According to Gospel of Matthew, John the Baptist was active in the Judean desert (3:1), and when Jesus came to him he baptized him in the Jordan River (Mat. 3:6).  That means the baptism site has to be in the Jordan River, but in the proximity to the Judean desert. The only possible location could be in small strip of southern part of the Jordan River, near Jericho.

The Gospel of John even mentions the baptismal site by name (“Bethany beyond the Jordan“, 1:28), but this place name is not known in contemporary sources.

In the Byzantine period a tradition developed that the Baptism of Jesus took place at a site 8.5 km SE of Jericho, whose Arabic name today is El Maghtas (“The Baptism [place]”). A monastery site near the baptism site is called “Qaser el-Yahud” (“The fort of the Jews”) echoing a tradition that this also is where the Israelites crossed the Jordan river to enter the promised land. This baptism site was a popular pilgrimage destination in the Byzantine and Crusader periods, and again in the 19th-20th centuries. But after the Six day war (1967), the Jordan River became the border between the state of Israel and the Hashemite kingdom of Jordan. Barbed wire and mines were planted along the river, including at the traditional baptism site. Visits to the  site were forbidden, and dengerous. The baptism site was abandoned.

Yet in 1994 Israel and Jordan signed a peace contract, and last summer (August 2010) the ministry of tourism completed a project of clearing the mines and setting the site for baptism once again.

Being so, the traditional “Epiphany” ceremony of 2011 was more festive then ever.

The “Epiphany“, (“manifestation” in Greek), referred originally to the visit of the Magi to baby Jesus (Mat. 3). By tradition this event took place on the 6th of January. The Eastern Church follows a Julian calendar, and so they celebrate the event on January 18th. The Eastern Church also argues January 18th (their January 6th) is the day Jesus was baptized, and so they celebrate the Baptism of Jesus on that day.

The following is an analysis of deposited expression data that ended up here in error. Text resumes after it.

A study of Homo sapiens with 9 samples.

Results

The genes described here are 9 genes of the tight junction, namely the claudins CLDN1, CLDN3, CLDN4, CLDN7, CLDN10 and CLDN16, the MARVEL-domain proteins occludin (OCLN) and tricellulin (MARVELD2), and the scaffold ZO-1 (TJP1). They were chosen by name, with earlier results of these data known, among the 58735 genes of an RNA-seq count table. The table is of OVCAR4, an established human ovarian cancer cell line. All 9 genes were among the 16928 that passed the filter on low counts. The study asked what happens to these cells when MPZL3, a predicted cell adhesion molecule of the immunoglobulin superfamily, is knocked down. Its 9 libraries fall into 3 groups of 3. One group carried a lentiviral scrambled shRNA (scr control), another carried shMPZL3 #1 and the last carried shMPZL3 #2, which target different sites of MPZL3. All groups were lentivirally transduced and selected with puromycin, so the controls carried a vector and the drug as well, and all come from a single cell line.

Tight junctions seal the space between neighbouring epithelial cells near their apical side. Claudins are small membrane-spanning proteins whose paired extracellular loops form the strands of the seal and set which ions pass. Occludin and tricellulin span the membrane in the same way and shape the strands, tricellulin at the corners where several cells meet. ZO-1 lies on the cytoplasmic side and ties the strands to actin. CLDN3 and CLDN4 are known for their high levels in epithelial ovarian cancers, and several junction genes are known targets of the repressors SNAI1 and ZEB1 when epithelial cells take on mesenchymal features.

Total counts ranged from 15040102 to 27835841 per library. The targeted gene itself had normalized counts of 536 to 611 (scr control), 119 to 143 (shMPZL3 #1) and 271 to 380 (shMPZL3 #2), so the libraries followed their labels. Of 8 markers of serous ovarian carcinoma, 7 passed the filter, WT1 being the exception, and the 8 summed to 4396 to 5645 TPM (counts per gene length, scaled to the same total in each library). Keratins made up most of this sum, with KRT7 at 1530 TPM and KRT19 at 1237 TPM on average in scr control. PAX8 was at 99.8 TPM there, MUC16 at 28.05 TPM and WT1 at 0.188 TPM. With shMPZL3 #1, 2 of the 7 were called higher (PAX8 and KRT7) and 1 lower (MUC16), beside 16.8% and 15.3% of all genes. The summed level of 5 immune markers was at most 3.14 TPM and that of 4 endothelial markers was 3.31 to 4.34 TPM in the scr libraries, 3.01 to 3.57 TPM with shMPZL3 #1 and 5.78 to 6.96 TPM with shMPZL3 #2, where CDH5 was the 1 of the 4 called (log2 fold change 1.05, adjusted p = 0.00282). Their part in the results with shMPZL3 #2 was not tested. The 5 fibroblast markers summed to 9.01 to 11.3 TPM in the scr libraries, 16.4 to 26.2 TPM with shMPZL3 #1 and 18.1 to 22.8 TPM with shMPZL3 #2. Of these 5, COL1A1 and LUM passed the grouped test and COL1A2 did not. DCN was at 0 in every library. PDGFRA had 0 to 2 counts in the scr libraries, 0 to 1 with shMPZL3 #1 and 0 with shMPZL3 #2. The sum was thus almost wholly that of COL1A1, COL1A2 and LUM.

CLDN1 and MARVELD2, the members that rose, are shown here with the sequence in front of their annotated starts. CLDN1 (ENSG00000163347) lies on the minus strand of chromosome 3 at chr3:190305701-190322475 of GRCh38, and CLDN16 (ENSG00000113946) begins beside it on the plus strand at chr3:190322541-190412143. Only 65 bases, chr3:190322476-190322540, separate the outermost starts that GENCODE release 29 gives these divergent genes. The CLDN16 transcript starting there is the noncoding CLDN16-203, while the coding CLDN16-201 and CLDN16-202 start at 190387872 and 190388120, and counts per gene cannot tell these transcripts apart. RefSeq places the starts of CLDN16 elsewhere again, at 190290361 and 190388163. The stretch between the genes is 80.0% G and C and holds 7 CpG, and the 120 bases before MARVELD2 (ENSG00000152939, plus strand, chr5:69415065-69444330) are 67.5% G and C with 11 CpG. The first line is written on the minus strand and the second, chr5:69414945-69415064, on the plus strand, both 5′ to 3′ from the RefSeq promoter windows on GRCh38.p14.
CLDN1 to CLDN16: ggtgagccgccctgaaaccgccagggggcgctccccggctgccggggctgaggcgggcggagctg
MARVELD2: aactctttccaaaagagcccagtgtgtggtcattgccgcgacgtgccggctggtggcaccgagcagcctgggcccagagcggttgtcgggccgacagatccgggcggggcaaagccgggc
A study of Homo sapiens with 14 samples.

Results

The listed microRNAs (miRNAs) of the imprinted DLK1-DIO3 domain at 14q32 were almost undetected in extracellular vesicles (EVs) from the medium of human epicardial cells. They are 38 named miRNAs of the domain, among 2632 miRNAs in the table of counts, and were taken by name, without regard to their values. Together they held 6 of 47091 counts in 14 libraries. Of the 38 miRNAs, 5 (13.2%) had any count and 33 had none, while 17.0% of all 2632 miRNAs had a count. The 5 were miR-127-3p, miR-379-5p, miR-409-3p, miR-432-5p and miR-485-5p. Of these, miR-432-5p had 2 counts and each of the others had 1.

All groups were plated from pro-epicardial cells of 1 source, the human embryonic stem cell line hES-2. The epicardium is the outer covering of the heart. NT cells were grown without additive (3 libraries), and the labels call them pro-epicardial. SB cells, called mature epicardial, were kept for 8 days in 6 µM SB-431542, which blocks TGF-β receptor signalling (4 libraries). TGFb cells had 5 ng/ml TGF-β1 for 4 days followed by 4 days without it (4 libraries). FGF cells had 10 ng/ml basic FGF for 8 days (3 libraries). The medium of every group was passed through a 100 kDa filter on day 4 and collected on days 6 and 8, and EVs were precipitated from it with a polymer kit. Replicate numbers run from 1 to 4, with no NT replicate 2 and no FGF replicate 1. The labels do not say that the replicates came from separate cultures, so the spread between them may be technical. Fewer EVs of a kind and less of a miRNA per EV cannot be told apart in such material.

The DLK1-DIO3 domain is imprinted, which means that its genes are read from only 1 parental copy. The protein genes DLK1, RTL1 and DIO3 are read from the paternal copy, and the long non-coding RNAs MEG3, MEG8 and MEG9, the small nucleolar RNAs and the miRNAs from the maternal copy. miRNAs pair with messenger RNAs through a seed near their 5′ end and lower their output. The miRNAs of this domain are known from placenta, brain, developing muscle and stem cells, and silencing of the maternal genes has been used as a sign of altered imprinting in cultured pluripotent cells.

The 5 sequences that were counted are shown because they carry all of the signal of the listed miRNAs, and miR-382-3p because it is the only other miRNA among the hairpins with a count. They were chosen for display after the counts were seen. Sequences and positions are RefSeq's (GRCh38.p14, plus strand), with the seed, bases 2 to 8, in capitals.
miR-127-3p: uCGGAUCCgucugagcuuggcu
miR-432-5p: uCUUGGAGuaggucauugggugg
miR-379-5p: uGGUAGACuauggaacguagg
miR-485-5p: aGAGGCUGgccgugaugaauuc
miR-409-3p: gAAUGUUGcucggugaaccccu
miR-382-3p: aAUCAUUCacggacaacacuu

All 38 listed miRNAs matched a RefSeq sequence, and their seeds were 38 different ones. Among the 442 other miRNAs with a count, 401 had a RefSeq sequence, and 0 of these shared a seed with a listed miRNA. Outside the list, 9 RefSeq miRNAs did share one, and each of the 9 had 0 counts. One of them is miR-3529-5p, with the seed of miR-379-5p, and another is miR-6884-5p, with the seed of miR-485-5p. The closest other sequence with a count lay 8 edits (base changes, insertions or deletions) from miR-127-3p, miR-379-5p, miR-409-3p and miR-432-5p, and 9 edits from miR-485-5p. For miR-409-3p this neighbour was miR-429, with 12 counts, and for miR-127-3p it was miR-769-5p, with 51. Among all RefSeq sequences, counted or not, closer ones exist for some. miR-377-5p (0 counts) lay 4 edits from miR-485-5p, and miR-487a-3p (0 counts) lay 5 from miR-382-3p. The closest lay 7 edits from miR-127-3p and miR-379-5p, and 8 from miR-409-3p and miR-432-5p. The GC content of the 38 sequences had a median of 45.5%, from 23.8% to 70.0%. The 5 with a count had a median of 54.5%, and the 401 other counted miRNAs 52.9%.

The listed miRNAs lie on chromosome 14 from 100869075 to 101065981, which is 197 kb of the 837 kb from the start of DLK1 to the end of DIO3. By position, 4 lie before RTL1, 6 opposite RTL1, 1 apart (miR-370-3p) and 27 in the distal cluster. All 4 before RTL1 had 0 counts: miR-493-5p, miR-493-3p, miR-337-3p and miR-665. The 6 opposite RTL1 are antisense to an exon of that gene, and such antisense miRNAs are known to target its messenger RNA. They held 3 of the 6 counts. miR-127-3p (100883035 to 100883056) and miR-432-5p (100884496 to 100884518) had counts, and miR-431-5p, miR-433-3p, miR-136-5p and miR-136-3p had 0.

More then 10,000 excited pilgrims of the Greek-Orthodox and the Ethiopian orders assembled in the morning and waited for the Greek-Orthodox patriarch. At 11:00 his car passed through the crowds and drove to the monastery of Qasr el-Yahud. While the Greeks conducted a special service at the monastery the Ethiopians began their march to the Jordan River itself, singing and playing the drums. At the water some baptized in excitement in front of the cheering crowds.

Ethiopians in a ceremonial march towards the Jordan river at the Traditional site of the Baptism of Jesus. © Ron Peled. Photo taken by Gad Rise.

A young Ethiopian rising from the water after been baptized in water of the Jordan river. © Alice Hahn.

Next the Greek-Orthodox parade slowly advanced towards the Jordan. A band of Arab Christians from Beit Sahour dressed in scouts uniform led the way, playing drums and the Scottish pipe. They were followed by the Greek-Orthodox clergy, including the Patriarch.

A ceremonial band of Arab Christians from Beit-Sahour (a village next to Beth-lehem), leading the parade of the Greek-Orthodox church towards the Baptismal site. © Ron Peled. Photo taken by Gad Rise.

Theophilus III, the Patriarch of the Greek-Orthodox church in Jerusalem, reaching the Jordan river at the baptizing site. © Ron Peled. Photo taken by ad Rise.

At the Site the Patriarch waved palm fronds, sprinkled some water on the cheering crowds, and released several doves, echoing the account of the Baptism of Jesus at the site: “As soon as Jesus was baptized, he went up out of the water. At that moment heaven was opened, and he saw the Spirit of God descending like a dove and alighting on him.  And a voice from heaven said, “This is my Son, whom I love; with him I am well pleased.” (Mat. 3:16-17).

Russian pilgrims in ceremonial clothes watch the patriarch releasing three doves at the baptism site. © Ron Peled. Photo taken by ad Rise.

In the nearby Deir Hajla monastery a free lunch was offered to the all the attendants, including the tourists. The renewed tradition of the baptisim ceremony seemed this year more colorful and popular then ever.